Would I recommend taking two young children on safari? Reader Matt Ackers, dad to animal-obsessed seven-year-old twin boys, has emailed to ask my considered opinion. My answer? You bet I would – but only with the right company. A surprising number of safari operators don't cater well for youngsters (and some lodges won't take children under 12). So, first you need to find an organisation that really knows how to prioritise little ones.
Top of my list would be Bushbaby Travel (01252 792984; bushbabytravel.com), a family-focused company that works in partnership with safari specialists in Africa.
Its team can plan trips from start to finish – they've got all the insider knowledge about the best child-friendly safari lodges as well as offering personalised advice and tailor-made schedules. Bushbaby recently organised a trip for me and my own little monkeys to Kwandwe game reserve in South Africa with &Beyond (00 49 21 311 533 991; andbeyond.com). It was an experience I'd heartily recommend.
What I discovered on our trip was that there's so much more to a family safari than ogling elephants. The best child-friendly operators will go all out to offer TLC in buckets, throwing in everything from lessons in bush-craft skills to opportunities to meet ancient tribes, as well as game drives.
One of Bushbaby's most exciting new offerings for next year is a just-built family lodge called Gondwana at the Sanbona wildlife reserve, not too far from Cape Town (01483 425465; mantiscollection.com). Here children as young as four are welcomed on game drives, where they'll get to see rare and endangered species. And when they're not tracking down the big five, your little bushmen can partake in the Kids on Safari programme, led by qualified rangers, where they can try their hands at some lovely activities, including rock art and stargazing.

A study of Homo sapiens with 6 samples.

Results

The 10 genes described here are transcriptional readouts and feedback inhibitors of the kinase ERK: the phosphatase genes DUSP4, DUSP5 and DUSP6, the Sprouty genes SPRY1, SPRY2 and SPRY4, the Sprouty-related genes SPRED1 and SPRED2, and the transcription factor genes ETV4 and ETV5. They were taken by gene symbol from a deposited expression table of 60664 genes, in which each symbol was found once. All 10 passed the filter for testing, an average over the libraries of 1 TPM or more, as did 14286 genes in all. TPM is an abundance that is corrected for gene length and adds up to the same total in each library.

Other child-friendly excitement for 2010 includes the luxurious new Olarro Lodge in the Loita Hills of Kenya (00 254 20 8023022; olarrokenya.com), which is launching a Juniors Adventures Club. Children aged six and over can spend time with a local Maasai guide, who will introduce them to tribal life. They'll learn all about survival in the wilderness – from how to recognise a toothbrush tree to what's involved in building a bush shelter.
African Travel Gateway (00 27 15 793 1191; africantravel.com) is running a similar Young Explorers programme for children from the age of seven at Edo's Camp in the Kalahari. Here, you and your kids will get to spend lots of quality time with the San bushmen, learning about their history and lifestyle.
The only real drawback to an African safari is that, if your kids are anything like mine, they won't stop asking to do it all over again. As my younger son asked me when we returned from ours: "Why can't all holidays be safaris?" Be warned.